Will Wilkinson has a column up at TechCentralStation on desert . This very fact is regrettable, since Wilkinson is smarter, saner, and more interesting that the average TCS columnist and hence will serve to cover-up—somewhat—the nakedness of this astroturf operation. Anyway, the real issue is what he says, which is aimed at Matthew Yglesias , Max Sawicky and others who attack the concepts of meritocracy. Wilkinson credits their argument—that we don’t really deserve anything—to John Rawls. The argument Wilkinson (mis)attributes to Rawls is, in a nutshell, that although, superficially, it may seem that we deserve praise or reward for our efforts, in some deeper sense we don’t, because the attributes that enabled us to strive (such as our genetic makeup and our upbringing) were not themselves deserved. Given the moral arbitrariness of of our natural endowments—including the capacity for hard work—those with more talent can be legitimately taxed, as necessary, to support those unfortunate enough to have less.
[I’m putting the rest of this below the fold as it gets into technical Rawlsiana]
There are no doubt one or two sentences in A Theory of Justice that encourage such an interpretation. But, as Wilkinson surely knows, the argument in which Rawls asserts that “no one deserves his place in the distribution of natural endowments, any more than one deserves one’s initial starting place in society” (which Wilkinson cites, selectively, from the first edition of ToJ) concerns the choice of a co-operative scheme for a whole society. In the passage in question Rawls is not addressing the question of whether those who are better-endowed with natural assets or who have “superior character” ought to get more within a co-operative scheme, he’s writing about whether their better endowment ought to be reflected in the choice of scheme under which they co-operate with others. And his answer is, that no, the more talented have no special right to have their interests given greater weight than those others.
There are two basic Rawlsian objections to the idea that distribution should reflect moral desert or deservingness. First, that it seems impossible to establish a workable public standard of deservingness because of the fact of reasonable pluralism; second, that even if we could establish such a standard, it would be impossible to contrive an economic system to track it. (One might expect, given Wilkinson’s endorsement elsewhere of “political” libertarianism, that he would be at one with Rawls on this.) Given these objections, Rawls sets aside reward according to desert and proceeds to consider other options.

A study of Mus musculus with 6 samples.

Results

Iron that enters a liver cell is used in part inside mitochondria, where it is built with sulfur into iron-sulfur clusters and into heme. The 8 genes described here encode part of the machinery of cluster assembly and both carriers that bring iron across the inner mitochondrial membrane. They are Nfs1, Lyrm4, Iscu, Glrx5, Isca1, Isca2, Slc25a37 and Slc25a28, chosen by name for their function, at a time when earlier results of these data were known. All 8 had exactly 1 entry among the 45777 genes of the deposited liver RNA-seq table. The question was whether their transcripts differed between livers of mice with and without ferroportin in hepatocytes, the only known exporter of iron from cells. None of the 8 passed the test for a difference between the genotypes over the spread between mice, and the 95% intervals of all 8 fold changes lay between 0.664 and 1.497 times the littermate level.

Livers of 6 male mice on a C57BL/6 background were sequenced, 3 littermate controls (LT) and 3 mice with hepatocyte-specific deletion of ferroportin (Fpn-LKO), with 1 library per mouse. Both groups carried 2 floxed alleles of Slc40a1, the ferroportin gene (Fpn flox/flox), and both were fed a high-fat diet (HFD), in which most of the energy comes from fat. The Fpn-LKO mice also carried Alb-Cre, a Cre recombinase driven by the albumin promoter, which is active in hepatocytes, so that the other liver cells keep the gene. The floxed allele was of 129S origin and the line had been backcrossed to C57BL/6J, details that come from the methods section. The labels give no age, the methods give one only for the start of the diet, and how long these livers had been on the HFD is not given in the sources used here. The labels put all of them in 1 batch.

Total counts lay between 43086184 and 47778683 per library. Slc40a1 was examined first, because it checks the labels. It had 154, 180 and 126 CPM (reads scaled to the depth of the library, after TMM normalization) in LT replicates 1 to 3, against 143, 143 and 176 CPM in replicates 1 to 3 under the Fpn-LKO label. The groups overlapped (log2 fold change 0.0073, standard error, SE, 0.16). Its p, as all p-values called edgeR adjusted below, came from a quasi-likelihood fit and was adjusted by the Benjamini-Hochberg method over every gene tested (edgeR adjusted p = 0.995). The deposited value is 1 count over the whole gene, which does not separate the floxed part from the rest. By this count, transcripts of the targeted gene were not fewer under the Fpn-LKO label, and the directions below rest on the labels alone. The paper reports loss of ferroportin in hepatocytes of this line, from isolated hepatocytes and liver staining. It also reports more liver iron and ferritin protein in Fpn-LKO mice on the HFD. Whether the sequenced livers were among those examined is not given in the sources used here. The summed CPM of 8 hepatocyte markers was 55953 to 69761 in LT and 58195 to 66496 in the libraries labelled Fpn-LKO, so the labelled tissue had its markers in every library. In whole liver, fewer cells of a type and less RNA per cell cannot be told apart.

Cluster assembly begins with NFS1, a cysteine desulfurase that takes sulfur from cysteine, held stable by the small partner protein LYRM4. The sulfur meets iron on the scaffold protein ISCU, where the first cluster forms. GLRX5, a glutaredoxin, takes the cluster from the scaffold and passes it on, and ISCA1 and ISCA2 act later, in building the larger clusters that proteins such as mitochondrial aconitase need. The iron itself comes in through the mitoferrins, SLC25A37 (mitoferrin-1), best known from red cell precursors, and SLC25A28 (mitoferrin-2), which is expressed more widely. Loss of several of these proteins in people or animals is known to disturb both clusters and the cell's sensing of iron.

Rawls’s preferred option, democratic equality and the difference principle, doesn’t endorse or track any particular standard of desert or merit. But the point here is that neither does the economic system Wilkinson himself appears to favour: there’s no good reason to believe that a system of free-market and private property is anything close to a merit-based system. Some people work hard on worthy projects for their whole lives or take exceptional risks on society’s behalf and nevertheless remain comparatively poor; others, through being lucky or rich, get to be as rich as Croesus. Is Warren Buffet more morally deserving than the firefighters on 9/11? Of course not. He doesn’t think so, they don’t think so, we don’t think so, and Will Wilkinson doesn’t think so.
There does seem to be a psychological need for those who have profited from the system to be comforted by the idea that they deserve what they have. (Maybe some of them even do deserve what they have!) It is nice to think that one’s good fortune is a function of one’s morally praiseworthy qualities, and that those who have done less well have, well, got their just deserts on account of their fecklessness and unwisdom. (Poor choices made by stupid people.) One of the functions of columns at TechCentralStation is to pander to the psychological needs of a certain stratum of society—gas-guzzling SUV? No need to feel guilty, global warming is a myth !—but such pandering would be rather unseemly coming from a political philosopher of Wilkinson’s ability, and I’m sure it wasn’t what he intended.
fn1. The passage cited comes from sec 17. of ToJ (1st edn) on p. 104. In the second edition the passage reads: “We do not deserve our place in the distribution of native endowments, any more that we deserve our initial starting place in society.” (p.89).
fn2. See for clear accounts of this, Thomas Pogge, Realizing Rawls, ch. 2 section 6 and Jon Mandle, What’s Left of Liberalism , pp. 124—34.
fn3. See Rawls, Justice as Fairness: A Restatement, p. 73.
fn4. One possibility that I ought not to neglect, is that Wilkinson takes Rawls to be denying that self-made men (and women) are ever truly deserving of what the have earned. I think the right answer to this thought is to say that, insofar as such as judgement issues from within any comprehensive moral doctrine, Rawls is committed to neither affirming nor denying its truth.